When schools shut down in early March, the students from Shady Grove Middle School had completed only three out of their five scheduled visits to KID Museum as part of the Invent the Future Challenge. By that time, they’d learned about the design process, engineering and coding techniques, and how to apply the “mind of a maker” to solve an environmental problem. Just as they were ready to begin building their prototypes, everything came to an abrupt halt.
The May 9th Challenge Summit, where last year over 800 students showcased their inventions to the community, was also canceled. But teacher Jess Rowell wasn’t going to let that stop her. Demonstrating the perseverance and creative problem-solving that is at the core the Invent the Future Challenge, Jess and her students developed a plan to continue working on their projects for their own virtual Summit, named “Re-Invent the Future.”
Here’s how Shady Grove Middle School students “Re-Invented the Future” on May 9, 2020.
“Distance learning can feel very isolating for students,” explained Dr. Alana Murray, Principal of Shady Grove. “So this opportunity provided students with the ability to connect with their peers on topics that they care a great deal about.”
Since the students never had the chance to build physical prototypes, Ms. Rowell focused on idea development and communication skills: students were to flesh out the problem they wanted to solve, explain how their solutions would fix that problem, and how they would build their designs if given the opportunity: “This project has tangible gains in communication skills as well as intangible benefits like group connections and collaborative problem-solving,” said Ms. Rowell.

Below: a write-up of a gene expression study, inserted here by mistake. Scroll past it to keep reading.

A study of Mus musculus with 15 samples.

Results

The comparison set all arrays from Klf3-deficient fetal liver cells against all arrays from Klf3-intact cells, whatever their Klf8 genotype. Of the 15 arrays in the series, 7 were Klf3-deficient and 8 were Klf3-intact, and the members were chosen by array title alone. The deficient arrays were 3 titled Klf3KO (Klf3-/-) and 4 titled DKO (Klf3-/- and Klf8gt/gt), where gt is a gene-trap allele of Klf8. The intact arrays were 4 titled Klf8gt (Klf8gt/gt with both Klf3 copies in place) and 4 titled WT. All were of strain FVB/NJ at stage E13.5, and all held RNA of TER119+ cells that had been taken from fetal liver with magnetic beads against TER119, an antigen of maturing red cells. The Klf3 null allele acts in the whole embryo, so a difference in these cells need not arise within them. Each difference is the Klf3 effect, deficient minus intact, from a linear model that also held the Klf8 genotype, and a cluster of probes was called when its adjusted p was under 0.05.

On May 9th, the Shady Grove students presented their designs in a virtual showcase event attended by parents, KID Museum staff, and school officials, including Dr. Murray, and Scott Murphy, Director of Secondary Curriculum at MCPS. Each student presented a flipgrid of their designs, explaining how their inventions would work, and the iterative design process they went through to get there.
“It’s a great feeling that I’m adding to the world and changing how we live,” said Diana, an eighth-grader who designed a new kind of eco-trash collecting truck. “This experience changed my perspective on how we can help people. From the littlest things we can do like picking up trash in the street, to something as big as designing a new kind of trash truck.”